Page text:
Taking things off your plate to cut down on holiday stress
The gift of time
October 6, 2017
The Art of Saying No
December 3, 2017
The gift of time
October 6, 2017
The Art of Saying No
December 3, 2017
Show all

Spread too thin?

With the holidays approaching, many people experience the stress of feeling “spread too thin” – having too many things to do in the little time that is available. The syrupy Christmas tunes playing in stores can add further frenzy by reminding us of obligations we hadn’t even considered. That is definitely not what “the season” should be all about. Here are some thoughts about taking a few things off your plate:

1. Is it your idea?

The first step is to determine the sources of your to-do list. If you sat down and thought about the difference between the holiday traditions you truly enjoy and those you follow because “that’s what everyone does” – would you have the same number of tasks? No one “has to” decorate, cook, buy extravagant gifts, or send greeting cards and yet we all feel compelled to spend time and money on exactly those activities. If you are honest with yourself, how many holiday activities do you truthfully associate with the much-touted “joy”?

Items to take off your plate: Holiday-related activities that are a joyless obligation.

2. What would you like to remember?

The second step has to do with the memories you want to create. If you were to look back on this year’s holiday season a decade from now, would you want to remember the stress of preparing a perfect meal or laughing with people you love? Will you remember what you served or the conversations you had? In an insightful blog post on budgeting both time and attention for the holidays, Courtney Carver suggests asking two questions – “Can I afford it?” and “Is this how I want to spend my money/time?”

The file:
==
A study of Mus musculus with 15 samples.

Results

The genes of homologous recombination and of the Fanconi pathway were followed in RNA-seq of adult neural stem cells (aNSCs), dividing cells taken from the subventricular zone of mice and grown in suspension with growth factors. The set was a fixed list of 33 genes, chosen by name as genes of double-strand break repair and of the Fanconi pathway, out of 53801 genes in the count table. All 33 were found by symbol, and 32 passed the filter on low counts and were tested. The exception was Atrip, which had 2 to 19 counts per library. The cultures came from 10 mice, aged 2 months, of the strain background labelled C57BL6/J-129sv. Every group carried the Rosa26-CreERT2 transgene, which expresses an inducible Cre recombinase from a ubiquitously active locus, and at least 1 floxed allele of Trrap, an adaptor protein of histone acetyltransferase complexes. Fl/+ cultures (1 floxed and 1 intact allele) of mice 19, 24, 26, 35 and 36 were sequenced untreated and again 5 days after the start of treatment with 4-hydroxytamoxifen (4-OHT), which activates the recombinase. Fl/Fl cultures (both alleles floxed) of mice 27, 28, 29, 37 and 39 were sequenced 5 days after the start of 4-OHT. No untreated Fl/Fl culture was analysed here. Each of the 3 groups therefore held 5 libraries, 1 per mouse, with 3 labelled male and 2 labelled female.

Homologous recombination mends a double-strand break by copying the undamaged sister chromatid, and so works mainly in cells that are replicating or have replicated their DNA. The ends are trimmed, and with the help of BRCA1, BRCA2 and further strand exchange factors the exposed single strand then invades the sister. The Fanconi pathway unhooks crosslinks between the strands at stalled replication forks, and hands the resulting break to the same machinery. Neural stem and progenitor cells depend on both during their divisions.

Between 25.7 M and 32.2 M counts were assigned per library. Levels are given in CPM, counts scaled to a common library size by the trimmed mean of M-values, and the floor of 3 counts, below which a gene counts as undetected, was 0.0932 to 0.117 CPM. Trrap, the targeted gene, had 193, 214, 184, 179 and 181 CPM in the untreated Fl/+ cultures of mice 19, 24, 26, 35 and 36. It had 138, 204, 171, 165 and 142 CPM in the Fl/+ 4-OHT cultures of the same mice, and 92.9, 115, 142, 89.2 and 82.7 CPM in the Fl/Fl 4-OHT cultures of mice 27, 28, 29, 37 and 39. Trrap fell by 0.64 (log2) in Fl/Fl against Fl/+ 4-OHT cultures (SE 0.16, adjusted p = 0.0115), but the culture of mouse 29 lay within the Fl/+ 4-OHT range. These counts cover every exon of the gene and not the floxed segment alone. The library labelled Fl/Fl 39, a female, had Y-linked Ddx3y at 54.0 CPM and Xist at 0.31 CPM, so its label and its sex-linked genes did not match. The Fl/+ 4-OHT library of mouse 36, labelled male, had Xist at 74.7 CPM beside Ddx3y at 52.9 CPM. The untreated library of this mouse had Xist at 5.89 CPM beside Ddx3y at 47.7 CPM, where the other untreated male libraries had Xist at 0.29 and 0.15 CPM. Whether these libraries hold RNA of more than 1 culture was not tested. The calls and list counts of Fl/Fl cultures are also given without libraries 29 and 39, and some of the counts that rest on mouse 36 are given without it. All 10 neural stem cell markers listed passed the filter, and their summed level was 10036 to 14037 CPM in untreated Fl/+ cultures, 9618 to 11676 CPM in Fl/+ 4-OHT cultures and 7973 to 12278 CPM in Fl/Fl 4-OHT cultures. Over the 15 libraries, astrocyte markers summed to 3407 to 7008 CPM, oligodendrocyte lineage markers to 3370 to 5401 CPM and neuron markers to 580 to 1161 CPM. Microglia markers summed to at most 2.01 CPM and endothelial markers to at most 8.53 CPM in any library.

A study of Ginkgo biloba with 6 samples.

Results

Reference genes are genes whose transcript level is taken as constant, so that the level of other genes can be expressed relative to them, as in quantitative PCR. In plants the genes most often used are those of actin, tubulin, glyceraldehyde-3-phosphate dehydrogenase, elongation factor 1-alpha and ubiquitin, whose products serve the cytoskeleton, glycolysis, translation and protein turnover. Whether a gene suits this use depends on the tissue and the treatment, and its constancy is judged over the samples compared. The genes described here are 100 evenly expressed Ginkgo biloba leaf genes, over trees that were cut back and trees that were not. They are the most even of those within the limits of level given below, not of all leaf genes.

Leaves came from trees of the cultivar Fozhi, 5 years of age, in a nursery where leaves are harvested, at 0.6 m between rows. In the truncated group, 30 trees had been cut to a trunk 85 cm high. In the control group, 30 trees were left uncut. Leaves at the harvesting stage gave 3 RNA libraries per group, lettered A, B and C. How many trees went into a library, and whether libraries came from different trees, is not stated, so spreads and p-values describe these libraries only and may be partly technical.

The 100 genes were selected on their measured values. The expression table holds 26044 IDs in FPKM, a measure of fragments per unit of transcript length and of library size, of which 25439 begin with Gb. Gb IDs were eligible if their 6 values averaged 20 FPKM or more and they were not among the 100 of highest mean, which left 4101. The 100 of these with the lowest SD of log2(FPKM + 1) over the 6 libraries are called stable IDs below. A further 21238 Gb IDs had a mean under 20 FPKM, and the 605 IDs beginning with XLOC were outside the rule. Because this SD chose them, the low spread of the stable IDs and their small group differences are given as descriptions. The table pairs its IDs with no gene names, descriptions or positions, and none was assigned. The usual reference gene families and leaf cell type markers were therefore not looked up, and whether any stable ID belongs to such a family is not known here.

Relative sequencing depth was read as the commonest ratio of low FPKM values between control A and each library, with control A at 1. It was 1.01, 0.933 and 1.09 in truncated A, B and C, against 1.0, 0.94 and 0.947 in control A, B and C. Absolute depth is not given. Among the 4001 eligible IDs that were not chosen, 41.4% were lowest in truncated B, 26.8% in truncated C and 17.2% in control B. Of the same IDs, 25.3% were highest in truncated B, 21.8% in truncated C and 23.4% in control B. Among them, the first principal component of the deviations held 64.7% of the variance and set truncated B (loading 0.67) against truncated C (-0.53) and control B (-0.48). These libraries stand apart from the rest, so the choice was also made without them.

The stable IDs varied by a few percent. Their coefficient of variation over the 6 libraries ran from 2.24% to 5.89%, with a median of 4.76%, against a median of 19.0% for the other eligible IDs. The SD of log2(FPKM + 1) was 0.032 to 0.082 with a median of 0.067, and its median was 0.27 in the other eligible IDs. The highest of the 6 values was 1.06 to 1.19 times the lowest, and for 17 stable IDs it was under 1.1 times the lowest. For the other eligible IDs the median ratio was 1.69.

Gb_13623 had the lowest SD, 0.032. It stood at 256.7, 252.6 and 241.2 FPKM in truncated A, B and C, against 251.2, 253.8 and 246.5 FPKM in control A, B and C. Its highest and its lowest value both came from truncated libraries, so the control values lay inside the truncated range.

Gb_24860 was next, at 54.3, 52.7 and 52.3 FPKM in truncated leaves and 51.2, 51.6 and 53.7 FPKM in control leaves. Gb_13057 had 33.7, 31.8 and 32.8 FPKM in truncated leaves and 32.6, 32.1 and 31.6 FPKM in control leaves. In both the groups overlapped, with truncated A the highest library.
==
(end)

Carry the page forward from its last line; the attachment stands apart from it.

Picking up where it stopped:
Items to take off your plate: Perfection (anything), and activities that will actually keep you from enjoying time with others.

3. Work-life balance

End-of-year tasks at work and in business can add further stress to the mix. Depending on the size of your business, you can probably catch up on reporting and taxes in the new year, but it makes sense to write all open invoices now so they don’t get lost in the shuffle. Set firm ground rules for last-minute customer orders to make sure you’re not working when everyone else is having fun. Also mark your days off for the holidays now (in every calendar!) to avoid scheduling problems.

Items to take off your plate: Overspending and then working long hours to earn extra income, worrying about business matters on days off.

The holidays were never meant to be a contest. This year, practice a little “laissez-faire” and don’t sweat the small stuff. Everyone will be fine, guaranteed.